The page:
Former Australia Post CEO Christine Holgate has launched an extraordinary attack on its chairman, saying he lied, misled a senate enquiry and abandoned her to a firestorm in the wake of the Cartier watches scandal that ended her career with the government enterprise.
In a submission to the senate inquiry into Australia Post Ms Holgate claims that on October 22 last year she was “humiliated” in parliament and “unlawfully stood down” by Australia Post Chair Lucio Di Bartolomeo after it was revealed she had gifted four $5,000 watches to senior executives.
Ms Holgate also accuses Mr Di Bartolomeo of misleading a subsequent senate inquiry on November 9 in relation to his knowledge of a BCG review of the government owned enterprise.
Ms Holgate says she was “treated like a criminal by my own chairman” to the extent that she was forced to seek mental health care and medication.
“The experience the Chair of Australia Post and others put me through – which continues – should never be allowed to happen again, not just at Australia Post, but in any organisation, to any person, in any role,” she says.
“I was deliberately isolated and continue to be, despite the clear findings and evidence that I have done nothing wrong.”
Watches decision ‘legal and approved’
Ms Holgate defends the decision to purchase the watches the four senior managers, saying they were given as rewards to recognise their work on the company’s Bank@Post service.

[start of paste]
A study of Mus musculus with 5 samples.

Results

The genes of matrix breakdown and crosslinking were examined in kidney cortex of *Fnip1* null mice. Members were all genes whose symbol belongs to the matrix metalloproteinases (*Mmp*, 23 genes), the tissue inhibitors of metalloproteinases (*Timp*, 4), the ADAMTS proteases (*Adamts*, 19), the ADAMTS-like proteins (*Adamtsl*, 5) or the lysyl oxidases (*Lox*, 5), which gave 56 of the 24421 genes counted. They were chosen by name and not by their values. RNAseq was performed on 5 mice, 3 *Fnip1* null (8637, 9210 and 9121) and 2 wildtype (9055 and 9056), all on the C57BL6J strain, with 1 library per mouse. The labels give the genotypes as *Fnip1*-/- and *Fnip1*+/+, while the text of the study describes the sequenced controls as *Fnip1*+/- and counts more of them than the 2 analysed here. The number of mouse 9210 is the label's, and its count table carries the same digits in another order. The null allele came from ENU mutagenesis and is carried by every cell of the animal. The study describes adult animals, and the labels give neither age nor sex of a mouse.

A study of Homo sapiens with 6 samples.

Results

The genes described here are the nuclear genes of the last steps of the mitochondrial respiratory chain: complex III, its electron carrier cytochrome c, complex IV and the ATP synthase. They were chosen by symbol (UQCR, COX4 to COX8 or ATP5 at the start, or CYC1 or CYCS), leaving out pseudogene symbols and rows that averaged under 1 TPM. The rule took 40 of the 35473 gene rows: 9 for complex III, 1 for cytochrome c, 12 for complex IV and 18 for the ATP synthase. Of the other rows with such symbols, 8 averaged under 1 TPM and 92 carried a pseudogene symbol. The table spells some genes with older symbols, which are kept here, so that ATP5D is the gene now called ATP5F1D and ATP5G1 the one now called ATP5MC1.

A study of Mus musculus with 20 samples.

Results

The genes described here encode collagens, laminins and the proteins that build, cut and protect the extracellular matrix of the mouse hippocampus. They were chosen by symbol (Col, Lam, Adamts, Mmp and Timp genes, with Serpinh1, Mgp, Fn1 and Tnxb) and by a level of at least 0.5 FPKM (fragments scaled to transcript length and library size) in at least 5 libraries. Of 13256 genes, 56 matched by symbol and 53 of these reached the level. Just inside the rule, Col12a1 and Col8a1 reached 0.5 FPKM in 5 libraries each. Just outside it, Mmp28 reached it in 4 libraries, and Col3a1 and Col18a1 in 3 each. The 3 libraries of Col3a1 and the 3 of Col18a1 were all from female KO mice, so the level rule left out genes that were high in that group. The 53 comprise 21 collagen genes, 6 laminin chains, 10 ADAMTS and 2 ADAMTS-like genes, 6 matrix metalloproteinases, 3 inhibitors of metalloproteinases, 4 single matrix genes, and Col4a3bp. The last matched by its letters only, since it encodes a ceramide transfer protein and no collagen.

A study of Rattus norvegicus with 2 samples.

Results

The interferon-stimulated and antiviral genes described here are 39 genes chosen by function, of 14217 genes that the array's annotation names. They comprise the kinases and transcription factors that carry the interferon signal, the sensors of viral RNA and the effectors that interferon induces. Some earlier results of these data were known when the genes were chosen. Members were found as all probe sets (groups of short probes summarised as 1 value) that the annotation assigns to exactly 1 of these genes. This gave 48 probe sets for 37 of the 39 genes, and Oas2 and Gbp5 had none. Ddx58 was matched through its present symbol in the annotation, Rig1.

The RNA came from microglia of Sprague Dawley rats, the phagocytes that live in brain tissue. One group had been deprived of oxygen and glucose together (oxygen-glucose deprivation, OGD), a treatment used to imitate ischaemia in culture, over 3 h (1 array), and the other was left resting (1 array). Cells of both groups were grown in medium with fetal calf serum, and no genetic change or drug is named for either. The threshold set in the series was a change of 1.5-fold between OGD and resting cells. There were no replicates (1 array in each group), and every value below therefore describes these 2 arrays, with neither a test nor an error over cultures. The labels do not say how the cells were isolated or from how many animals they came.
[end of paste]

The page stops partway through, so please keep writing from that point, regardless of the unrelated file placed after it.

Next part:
She says the purchase of the watches was legal, within both Australia Post policies and her own signing authority limits, and signed off by auditors. The decision was also widely celebrated within the organisation, she says.
“Yet somehow, I was forced out of my job over it. For this, I blame one person- the Chair, Lucio Di Bartolomeo,” she says.
“He knew all of the facts but chose to stand aside from his responsibility to defend me and Australia Post, from those who didn’t know all of the facts. He then lied about his actions and about other important issues.
“It is unacceptable that the Chair of a major public-owned enterprise can mislead the Senate over his knowledge of something as important as a review of the organisation commissioned by the government.”
Ms Holgate defends her record a senior executive both in the private sector and with Australia Post, saying in she had been able to reduce waste, improve revenue and profitability and enhance culture.
She said had broken her silence on the matter in the interests of accountability and building a stronger and more capable board.
Chairman denies claims
In a statement issued on Wednesday, Mr Di Bartolomeo defended his conduct and denied Ms Holgate’s claims, including that she had been unlawfully stood down.
He said Ms Holgate had agreed to stand down on October 22 and later advised him of her resignation on November 2.
“The Board did not stand down, or suspend, Ms Holgate from her role – that being an unnecessary consideration given her agreement to stand aside,” he said.
He also said Ms Holgate had been offered extensive support through Australia Post’s employee assistance program.
The 150 page missive will be examined at a senate hearing next Tuesday and Mr Di Bartolomeo said he looked forward to providing the inquiry with responses.
Labor’s spokeswoman on communications Michelle Rowland said the submission highlighted the failure of the Australia Post board to uphold due process in the face government pressure.
“Everybody knows that if (Prime Minister) Scott Morrison and (Communications Minister) Paul Fletcher did not want Ms Holgate gone, the Chairman and Board would have acted differently,” she said.
She accused the Government of running a “protection racket” for the board of Australia Post which she said remained a “dysfunctional swamp of Liberal party hacks”.